Serena Williams faces Maria Sharapova in a blockbuster first-round match Monday at the US Open, the feature showdown on the first day of the year's final Grand Slam tennis event.
Eighth-ranked Williams, who lost to Naomi Osaka in last year's US Open final and to Simona Halep in last month's Wimbledon final, is seeking her 24th career Grand Slam singles title to match Margaret Court's all-time record.
The 37-year-old American owns a 19-2 record against Russia's 87th-ranked Sharapova and has beaten her 18 consecutive times dating to 2005.
That lopsided rivalry, however, has not prevented the matchup from being the talk of the tournament since Thursday's draw announcement.
"Of course I'm going to watch it," Osaka said. "I think everyone in New York is going to watch it."
Williams owns a 3-1 record over Sharapova in Grand Slam matchups, having lost their first such meeting in 2004 at Wimbledon, but this will mark the first time they have met in a US Open.
"Someone texted me about it," US 10th seed Madison Keys recalled. "I think I was shopping, had no idea the draw was actually happening. So it was like, 'Oh my God. Look at this first round.'"
Williams last won a Grand Slam at the 2017 Australian Open, while pregnant.
Five-time Grand Slam champion Sharapova, 32, failed a drug test at the 2016 Australian Open and served a one-year ban. The 2006 US Open winner last won a Slam at the 2014 French Open. She has reached the fourth round at the past two US Opens.
Two years ago, Romania's Halep who was handed an epic first-round matchup against Sharapova, just back from her doping ban, and lost.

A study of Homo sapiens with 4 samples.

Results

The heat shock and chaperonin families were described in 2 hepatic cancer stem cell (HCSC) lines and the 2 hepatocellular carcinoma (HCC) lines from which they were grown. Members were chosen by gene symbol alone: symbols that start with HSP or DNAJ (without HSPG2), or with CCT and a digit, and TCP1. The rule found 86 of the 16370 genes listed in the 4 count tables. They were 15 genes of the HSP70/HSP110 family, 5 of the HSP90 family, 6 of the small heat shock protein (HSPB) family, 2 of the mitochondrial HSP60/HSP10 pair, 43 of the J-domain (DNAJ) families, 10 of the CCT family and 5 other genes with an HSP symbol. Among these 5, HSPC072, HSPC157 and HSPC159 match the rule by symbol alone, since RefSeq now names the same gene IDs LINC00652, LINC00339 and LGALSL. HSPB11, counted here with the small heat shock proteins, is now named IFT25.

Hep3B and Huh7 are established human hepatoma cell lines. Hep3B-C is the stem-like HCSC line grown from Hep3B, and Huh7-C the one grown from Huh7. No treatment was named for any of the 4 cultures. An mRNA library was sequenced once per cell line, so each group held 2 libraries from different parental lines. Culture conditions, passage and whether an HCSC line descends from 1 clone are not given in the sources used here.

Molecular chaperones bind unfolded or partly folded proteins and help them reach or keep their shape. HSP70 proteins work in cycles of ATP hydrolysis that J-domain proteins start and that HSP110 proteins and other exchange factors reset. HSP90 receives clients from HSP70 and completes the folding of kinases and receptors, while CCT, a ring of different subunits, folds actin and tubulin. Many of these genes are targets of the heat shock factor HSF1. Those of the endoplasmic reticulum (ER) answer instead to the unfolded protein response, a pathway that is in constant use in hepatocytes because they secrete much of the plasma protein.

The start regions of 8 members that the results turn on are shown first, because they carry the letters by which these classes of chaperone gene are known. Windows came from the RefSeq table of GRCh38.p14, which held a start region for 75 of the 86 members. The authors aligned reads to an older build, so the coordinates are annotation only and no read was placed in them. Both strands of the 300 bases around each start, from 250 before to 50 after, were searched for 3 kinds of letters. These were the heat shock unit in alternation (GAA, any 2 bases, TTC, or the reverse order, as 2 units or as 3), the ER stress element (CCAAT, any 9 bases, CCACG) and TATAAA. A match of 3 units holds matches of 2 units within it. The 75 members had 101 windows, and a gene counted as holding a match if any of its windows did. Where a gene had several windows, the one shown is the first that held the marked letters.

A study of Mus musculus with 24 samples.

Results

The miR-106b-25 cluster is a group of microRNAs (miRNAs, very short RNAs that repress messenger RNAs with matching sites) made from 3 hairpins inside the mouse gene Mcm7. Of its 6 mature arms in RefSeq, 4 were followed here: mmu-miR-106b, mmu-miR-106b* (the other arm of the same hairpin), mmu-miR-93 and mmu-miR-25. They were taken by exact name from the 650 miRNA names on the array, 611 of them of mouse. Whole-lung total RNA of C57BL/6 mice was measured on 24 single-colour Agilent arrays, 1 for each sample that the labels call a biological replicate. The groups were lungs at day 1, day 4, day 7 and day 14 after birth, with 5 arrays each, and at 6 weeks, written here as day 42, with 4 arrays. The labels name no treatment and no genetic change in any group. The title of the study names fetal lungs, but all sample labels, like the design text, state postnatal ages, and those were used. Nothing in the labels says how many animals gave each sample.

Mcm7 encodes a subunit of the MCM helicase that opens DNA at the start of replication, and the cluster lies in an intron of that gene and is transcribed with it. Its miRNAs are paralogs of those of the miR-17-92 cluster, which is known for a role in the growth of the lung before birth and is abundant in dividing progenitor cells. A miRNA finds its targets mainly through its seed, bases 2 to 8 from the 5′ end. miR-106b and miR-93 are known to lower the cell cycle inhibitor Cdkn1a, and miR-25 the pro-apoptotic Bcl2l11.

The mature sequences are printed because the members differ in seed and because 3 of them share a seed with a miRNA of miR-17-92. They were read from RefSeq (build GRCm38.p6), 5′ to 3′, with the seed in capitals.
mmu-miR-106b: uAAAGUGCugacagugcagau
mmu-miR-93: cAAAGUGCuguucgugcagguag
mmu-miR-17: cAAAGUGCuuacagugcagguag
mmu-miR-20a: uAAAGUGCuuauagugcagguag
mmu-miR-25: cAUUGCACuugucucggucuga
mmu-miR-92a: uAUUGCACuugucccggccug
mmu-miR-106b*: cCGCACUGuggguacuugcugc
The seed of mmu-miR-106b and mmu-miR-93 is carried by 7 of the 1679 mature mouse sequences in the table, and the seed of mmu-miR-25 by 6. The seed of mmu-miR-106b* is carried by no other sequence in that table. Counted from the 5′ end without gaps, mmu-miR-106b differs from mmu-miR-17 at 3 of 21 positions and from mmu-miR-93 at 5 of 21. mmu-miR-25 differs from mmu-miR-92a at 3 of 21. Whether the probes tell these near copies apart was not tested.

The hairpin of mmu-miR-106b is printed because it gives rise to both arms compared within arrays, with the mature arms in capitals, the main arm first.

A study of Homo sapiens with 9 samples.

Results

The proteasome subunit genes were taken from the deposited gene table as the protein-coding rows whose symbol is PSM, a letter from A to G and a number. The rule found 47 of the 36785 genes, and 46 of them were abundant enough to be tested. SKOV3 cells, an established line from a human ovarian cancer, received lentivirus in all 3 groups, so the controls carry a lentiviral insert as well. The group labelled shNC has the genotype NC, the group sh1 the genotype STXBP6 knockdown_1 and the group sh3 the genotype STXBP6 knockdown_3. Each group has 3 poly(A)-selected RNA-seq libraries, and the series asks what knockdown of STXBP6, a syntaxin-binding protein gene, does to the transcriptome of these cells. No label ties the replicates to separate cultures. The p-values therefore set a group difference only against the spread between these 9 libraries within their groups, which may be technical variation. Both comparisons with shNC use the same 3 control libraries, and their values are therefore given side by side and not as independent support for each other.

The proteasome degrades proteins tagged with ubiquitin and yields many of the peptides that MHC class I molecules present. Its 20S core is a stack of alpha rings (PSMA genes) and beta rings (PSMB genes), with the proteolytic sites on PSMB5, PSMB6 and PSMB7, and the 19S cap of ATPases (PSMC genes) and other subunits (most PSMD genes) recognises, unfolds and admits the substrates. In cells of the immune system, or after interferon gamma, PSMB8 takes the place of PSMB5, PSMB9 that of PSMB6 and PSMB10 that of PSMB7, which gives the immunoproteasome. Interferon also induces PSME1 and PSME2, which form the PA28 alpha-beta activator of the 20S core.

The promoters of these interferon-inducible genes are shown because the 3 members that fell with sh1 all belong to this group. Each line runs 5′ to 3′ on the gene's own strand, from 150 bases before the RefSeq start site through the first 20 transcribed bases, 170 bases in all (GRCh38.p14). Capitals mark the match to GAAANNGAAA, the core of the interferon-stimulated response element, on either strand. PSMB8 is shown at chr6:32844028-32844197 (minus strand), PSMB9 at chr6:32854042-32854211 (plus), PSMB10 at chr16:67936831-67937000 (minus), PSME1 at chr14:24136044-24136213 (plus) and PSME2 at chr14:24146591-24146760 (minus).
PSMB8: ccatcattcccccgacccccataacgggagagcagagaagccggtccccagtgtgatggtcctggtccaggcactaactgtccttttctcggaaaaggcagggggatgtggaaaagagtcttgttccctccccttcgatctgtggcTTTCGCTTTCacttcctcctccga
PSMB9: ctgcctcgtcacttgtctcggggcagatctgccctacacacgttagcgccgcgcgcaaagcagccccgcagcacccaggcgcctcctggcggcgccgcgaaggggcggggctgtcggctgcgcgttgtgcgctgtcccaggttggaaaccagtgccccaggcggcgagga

"Yeah, it's OK. We don't talk about that. It's past, so we just live the present," Halep said. "It's going to be a big match, definitely."
Other first-day matches in Arthur Ashe Stadium send Swiss third seed Roger Federer against India's 190th-ranked Sumit Nagal, top-seeded defending champion Novak Djokovic against Spain's 76th-ranked Roberto Carballes Baena and French Open champion Ashleigh Barty, the second seed from Australia, against 77th-ranked Zarina Diyas of Kazakhstan.
Crazy Open atmosphere
US Open crowds are known for loud and boisterous behavior, an atmosphere where some thrive and others must adapt.
"Here in New York, the atmosphere is crazier than any other Grand Slam," said 19-year-old Canadian Bianca Andreescu, who won a WTA tuneup event in Toronto.
"Everyone makes it so intriguing. You never know what you're going to see on the streets. There is always something to do."
Halep tries to relax to deal with the energy and uncertainty Flushing Meadows crowds can produce.
"You expect very loud crowds. You expect loud atmosphere here," Halep said. "I'm trying just to stay on my rhythm. I have my restaurants where I'm going. I went to Central Park just to relax myself. So I'm doing easy things to get the pace I need."
Barty revels in the thrill of New York.
"There's no place in the world like New York," she said. "I know how it works. You come here and you just take it in your stride. You enjoy it. There's no point fighting it."
The US Open will unveil Monday a sculpture of Althea Gibson, who shattered tennis racial barriers in the 1950s and 1960s. She was the first African-American to win a Grand Slam title at the 1956 French Open and also captured the 1957 and 1958 US Open and Wimbledon singles titles.
"I think it's really important," Osaka said. "She has done so much for tennis."
Sloane Stephens, an African-American who captured the 2017 US Open women's crown, also applauded the tribute.
"I think it's awesome," she said. "Recognizing the greats that came before us, people that have done amazing things for our sport, is cool. She's a really important part of our tennis history."